There have been a lot of close games lately. But every once in a while, or actually hopefully more than every once in a while, the offense cuts loose. This was a slugfest. Indicated, of course, by the fact that we hit three long balls that accounted in total for more than half of our runs. Refreshingly, there was nothing close about this game.
Wow. Brandon Workman is awesome. He just pitched six innings of one-run ball like it was a walk in the park. (Pun intended.) In between the first inning’s first two outs, he gave up a double that turned into a run thanks to a single. Other than that, he was lights-out for the remainder of his start. He faced four in the second and third, three in the fourth and fifth, and six in the sixth. After striking out the inning’s first batter, he gave up three consecutive singles to load the bases with one out. But he rallied after that, securing two swinging strikeouts to end the frame.
Breslow had a one-two-three seventh, and Thornton had a one-two-three eighth. They took pages from Workman’s book. Beato, who came on for the ninth, did not. Or rather he did, but from the first inning only. After putting up two outs, he gave up a single, a walk, and another single, which scored a run. So the Mariners scored one in the first, one in the ninth, and none in between.
The same can most definitely not be said of our lineup. We did not waste time. Ellsbury struck out to open the first, but then Victorino doubled, Pedroia reached on a fielding error, and both Victorino and Pedroia both scored, on a passed ball and a single, respectively. One out later, Salty singled and Gomes walked to load the bases, but Drew grounded out to end the threat.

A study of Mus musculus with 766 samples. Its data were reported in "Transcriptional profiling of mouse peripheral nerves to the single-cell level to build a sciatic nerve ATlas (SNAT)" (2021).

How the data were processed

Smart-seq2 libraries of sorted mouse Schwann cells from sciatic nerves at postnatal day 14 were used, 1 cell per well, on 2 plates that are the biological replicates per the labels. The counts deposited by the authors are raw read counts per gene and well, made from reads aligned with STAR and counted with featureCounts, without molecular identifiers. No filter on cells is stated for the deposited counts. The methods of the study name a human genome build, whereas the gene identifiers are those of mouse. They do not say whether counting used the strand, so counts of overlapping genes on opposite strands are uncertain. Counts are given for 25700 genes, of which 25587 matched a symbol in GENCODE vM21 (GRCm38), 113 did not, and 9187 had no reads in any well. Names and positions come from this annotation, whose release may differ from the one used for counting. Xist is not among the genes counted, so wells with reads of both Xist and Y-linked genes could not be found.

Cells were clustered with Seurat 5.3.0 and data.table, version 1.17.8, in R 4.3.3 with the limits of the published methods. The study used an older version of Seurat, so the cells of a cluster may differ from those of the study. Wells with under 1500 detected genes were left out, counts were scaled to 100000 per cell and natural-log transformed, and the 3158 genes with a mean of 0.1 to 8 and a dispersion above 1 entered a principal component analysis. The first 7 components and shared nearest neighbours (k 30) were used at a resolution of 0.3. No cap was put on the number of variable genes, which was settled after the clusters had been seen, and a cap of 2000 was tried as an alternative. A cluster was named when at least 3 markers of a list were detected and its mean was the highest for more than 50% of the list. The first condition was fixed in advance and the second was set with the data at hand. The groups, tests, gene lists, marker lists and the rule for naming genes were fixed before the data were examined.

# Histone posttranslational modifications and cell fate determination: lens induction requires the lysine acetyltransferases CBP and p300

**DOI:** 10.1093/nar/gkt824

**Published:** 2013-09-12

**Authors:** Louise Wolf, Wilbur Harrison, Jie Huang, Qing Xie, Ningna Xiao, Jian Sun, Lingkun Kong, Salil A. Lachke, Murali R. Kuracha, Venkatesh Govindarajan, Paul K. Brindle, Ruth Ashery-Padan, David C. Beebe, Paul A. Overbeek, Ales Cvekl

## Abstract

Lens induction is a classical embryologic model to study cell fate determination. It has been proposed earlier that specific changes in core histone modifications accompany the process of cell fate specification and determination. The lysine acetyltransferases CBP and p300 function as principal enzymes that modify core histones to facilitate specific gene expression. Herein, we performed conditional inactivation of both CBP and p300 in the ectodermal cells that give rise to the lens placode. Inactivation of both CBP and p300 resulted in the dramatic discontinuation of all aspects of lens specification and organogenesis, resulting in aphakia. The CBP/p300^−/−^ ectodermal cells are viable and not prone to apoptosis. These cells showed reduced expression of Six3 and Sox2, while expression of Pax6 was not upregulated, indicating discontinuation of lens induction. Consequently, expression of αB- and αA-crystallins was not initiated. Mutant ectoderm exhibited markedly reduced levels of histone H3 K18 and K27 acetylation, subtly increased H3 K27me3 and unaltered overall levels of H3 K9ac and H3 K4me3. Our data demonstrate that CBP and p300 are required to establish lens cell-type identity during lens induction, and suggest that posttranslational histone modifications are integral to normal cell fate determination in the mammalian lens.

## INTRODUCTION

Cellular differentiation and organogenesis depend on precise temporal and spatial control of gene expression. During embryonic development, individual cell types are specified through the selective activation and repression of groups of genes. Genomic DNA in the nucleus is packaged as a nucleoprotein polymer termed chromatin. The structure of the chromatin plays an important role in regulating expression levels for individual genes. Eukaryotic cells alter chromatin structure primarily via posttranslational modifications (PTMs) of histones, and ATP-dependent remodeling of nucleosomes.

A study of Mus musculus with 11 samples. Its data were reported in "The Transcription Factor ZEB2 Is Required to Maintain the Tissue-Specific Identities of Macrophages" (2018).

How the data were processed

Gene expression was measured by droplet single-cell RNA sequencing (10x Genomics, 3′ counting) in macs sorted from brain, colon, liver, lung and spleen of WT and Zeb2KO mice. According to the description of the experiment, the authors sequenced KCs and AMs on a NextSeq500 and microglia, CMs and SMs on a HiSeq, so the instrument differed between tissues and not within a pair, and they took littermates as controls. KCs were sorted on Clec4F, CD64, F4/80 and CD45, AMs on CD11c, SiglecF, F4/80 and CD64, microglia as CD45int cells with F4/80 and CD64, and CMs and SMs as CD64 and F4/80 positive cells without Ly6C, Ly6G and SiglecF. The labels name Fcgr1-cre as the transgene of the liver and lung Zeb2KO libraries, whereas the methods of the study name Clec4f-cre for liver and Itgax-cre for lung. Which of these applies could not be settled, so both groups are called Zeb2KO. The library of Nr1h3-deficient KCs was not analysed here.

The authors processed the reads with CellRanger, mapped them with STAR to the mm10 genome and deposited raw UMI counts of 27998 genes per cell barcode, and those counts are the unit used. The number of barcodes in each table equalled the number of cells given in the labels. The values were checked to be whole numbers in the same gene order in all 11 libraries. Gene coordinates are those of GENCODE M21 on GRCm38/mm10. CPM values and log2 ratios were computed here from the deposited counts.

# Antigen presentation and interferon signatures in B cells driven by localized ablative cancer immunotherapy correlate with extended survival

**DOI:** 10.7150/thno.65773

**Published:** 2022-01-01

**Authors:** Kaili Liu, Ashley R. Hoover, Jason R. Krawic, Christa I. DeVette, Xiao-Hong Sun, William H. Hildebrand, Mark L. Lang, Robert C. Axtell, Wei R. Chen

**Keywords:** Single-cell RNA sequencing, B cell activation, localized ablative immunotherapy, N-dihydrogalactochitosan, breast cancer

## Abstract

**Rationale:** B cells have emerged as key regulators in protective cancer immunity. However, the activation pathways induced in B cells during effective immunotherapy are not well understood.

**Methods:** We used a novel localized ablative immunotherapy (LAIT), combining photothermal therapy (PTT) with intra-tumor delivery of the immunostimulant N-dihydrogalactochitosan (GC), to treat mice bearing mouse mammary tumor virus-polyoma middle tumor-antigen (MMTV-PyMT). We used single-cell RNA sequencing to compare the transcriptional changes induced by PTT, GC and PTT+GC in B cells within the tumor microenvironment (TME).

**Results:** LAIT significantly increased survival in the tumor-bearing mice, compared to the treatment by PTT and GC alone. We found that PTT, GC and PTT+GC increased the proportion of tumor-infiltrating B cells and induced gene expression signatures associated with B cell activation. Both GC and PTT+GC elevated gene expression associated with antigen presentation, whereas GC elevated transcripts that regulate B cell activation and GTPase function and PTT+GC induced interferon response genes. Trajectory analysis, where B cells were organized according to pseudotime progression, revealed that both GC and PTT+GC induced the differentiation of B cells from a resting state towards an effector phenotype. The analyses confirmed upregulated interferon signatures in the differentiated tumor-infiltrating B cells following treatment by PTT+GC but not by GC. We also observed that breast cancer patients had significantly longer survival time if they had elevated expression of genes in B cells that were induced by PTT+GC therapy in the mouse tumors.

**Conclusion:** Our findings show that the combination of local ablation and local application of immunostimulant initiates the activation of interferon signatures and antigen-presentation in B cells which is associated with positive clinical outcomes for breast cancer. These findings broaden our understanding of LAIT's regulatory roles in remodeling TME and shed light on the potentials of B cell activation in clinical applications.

Our second inning was even bigger in every way. We scored three runs that inning, all via the long ball. Iglesias singled to start it off but was out at second. Then Ellsbury unleashed on a slider, his third of the at-bat, and sent it flying beyond the right field fence for a solo shot. Victorino singled after that, and it was Pedroia’s turn. This was a real battle. He took a two-seam for a ball, fouled off a two-seam and a changeup, took a four-seam for a ball, fouled off a slider, took a two-seam for a ball, and fouled off two more sliders. So, by the time the ninth pitch rolled around, obviously the count was full. He got another two-seam and put on a laser show. The ball rocketed toward the Monster. Pedroia’s been in a slump lately, but hitting that two-run shot, he looked pretty comfortable. He just unleashed all his power on that ball, and he looked like his old self again at the plate.
With two out in the fourth, Victorino doubled and scored on a single by, obviously, Pedroia, who ended up out at second. And Salty joined the home run club in the eighth; Napoli had singled with one out, and Salty powered a fastball to right center field.
In every inning during which we did not score, we went down in order. But thanks to the innings in which we did score, we won, 8-2.